Zoom shares plunge on slowing growth, as the “DPF effect” sets in

Wednesday, November 24, 2021 by Robinhood Snacks |

What Zooms in must Zoom out… The Zoom boom may be over. On Monday, the company reported slightly better than expected earnings — but revenue growth slowed for the third consecutive quarter. Zoom’s quarterly sales grew just 35% from last year, compared to 10X faster growth a year ago. Shares slid 15% yesterday, dropping Zoom’s market cap to a third of its pandemic peak. Now Zoom’s focused on two things:

  • Corporate customers: The number of Zoom customers who spend $100K+ annually nearly doubled last quarter from last year, to 2.5K.
  • New offerings: Zoom is exploring growth opportunities, like licensing its video tech to other apps and letting people host paid events (think: Zumba class).

Zoomed in too far… Zoom’s growth didn’t just slow from pandemic highs: It had its slowest quarter since 2018. Other pandemic thrivers also experienced the “DPF effect” — demand pulled forward. Demand boomed all at once early in the pandemic (aka was “pulled forward”), then slowed as new customers dwindled. The stock market’s up 26% this year, but some WFH winners are seeing slowdown-driven selloffs:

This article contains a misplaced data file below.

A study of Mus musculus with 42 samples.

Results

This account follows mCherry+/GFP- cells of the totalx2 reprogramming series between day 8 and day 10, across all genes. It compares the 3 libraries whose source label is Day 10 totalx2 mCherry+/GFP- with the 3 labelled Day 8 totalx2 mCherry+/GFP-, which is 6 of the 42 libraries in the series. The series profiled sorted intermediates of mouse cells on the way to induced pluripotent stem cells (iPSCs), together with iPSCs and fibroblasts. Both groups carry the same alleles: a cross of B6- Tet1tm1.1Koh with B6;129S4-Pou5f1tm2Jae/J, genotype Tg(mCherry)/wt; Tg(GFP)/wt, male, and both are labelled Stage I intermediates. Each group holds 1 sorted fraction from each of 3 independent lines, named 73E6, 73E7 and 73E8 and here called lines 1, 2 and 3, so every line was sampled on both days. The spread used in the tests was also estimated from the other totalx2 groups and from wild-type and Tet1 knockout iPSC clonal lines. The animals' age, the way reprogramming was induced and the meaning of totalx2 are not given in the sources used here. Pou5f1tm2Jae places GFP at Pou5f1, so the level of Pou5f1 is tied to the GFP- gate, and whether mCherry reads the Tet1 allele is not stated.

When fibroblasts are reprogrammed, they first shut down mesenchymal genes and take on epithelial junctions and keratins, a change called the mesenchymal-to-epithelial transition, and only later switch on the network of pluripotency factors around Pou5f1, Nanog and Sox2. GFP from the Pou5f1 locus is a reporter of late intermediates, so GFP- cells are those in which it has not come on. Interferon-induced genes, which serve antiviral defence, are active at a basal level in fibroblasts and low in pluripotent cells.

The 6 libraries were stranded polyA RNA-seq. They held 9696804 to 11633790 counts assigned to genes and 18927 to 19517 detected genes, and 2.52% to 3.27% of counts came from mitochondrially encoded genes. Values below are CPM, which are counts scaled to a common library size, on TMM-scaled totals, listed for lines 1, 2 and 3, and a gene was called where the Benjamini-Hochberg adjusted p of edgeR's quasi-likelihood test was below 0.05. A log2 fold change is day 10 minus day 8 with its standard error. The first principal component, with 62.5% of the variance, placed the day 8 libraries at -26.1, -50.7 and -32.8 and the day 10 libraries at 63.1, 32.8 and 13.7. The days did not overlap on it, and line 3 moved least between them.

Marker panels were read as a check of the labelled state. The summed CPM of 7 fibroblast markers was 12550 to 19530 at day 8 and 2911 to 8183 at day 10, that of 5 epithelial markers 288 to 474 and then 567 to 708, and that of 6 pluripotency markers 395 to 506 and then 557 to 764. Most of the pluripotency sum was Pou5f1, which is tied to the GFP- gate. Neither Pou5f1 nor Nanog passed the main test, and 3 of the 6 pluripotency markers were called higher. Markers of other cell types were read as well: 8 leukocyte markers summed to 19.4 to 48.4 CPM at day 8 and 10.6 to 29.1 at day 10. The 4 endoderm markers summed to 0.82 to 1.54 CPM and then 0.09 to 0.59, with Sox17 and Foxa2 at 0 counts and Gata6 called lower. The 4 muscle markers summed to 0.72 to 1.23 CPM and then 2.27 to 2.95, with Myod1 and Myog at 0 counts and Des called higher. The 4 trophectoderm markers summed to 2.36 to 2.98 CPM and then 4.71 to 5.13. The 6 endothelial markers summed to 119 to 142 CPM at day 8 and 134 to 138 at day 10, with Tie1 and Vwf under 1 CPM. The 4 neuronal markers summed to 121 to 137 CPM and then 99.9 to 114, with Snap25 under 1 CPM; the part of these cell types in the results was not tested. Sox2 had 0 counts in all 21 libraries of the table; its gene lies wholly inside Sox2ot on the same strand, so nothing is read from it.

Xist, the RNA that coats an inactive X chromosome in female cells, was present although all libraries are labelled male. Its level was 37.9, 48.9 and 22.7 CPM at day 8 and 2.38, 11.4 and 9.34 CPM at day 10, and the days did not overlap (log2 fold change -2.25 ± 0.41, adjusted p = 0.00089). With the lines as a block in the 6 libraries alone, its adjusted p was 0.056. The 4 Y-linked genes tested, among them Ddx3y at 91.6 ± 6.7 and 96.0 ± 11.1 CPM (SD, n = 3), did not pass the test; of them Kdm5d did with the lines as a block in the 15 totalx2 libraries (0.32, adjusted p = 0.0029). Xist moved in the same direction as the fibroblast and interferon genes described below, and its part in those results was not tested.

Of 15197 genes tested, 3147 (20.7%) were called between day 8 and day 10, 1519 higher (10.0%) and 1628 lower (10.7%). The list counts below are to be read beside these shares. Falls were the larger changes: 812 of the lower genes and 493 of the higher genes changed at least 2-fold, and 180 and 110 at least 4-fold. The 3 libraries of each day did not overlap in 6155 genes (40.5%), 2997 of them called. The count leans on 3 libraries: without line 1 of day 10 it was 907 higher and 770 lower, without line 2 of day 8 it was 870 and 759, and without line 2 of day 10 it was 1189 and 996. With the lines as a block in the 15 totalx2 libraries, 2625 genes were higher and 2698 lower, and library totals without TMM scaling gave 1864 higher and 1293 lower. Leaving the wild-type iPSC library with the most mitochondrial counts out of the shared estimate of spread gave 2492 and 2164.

• Peloton shares are down 71% this year, after Equinox and SoulCycle reopened. Sales grew 6% last quarter compared to 232% in the same quarter last year.
  • Online education company Chegg’s shares are also down 71% this year as schools resume and subscription saturation intensifies (#subscripturation).
  • Pinterest shares are down 39% this year since everyone’s already created too many kitchen inspo moodboards.
  • Netflix added only 4.4M subscribers last quarter, and lost 400K subscribers in North America, after adding a whopping 36M subs worldwide last year.

Some pandemic habits could stick… But Zoom could still lose to the conference room. People who flocked to Zoom, Peloton, and Chegg are returning to offices, gyms, and schools — and growth is slowing. But not everyone is experiencing subscripturation: DocuSign’s subscription revenue grew faster last quarter than a year earlier, because people who started signing digitally aren’t returning to physical paperwork.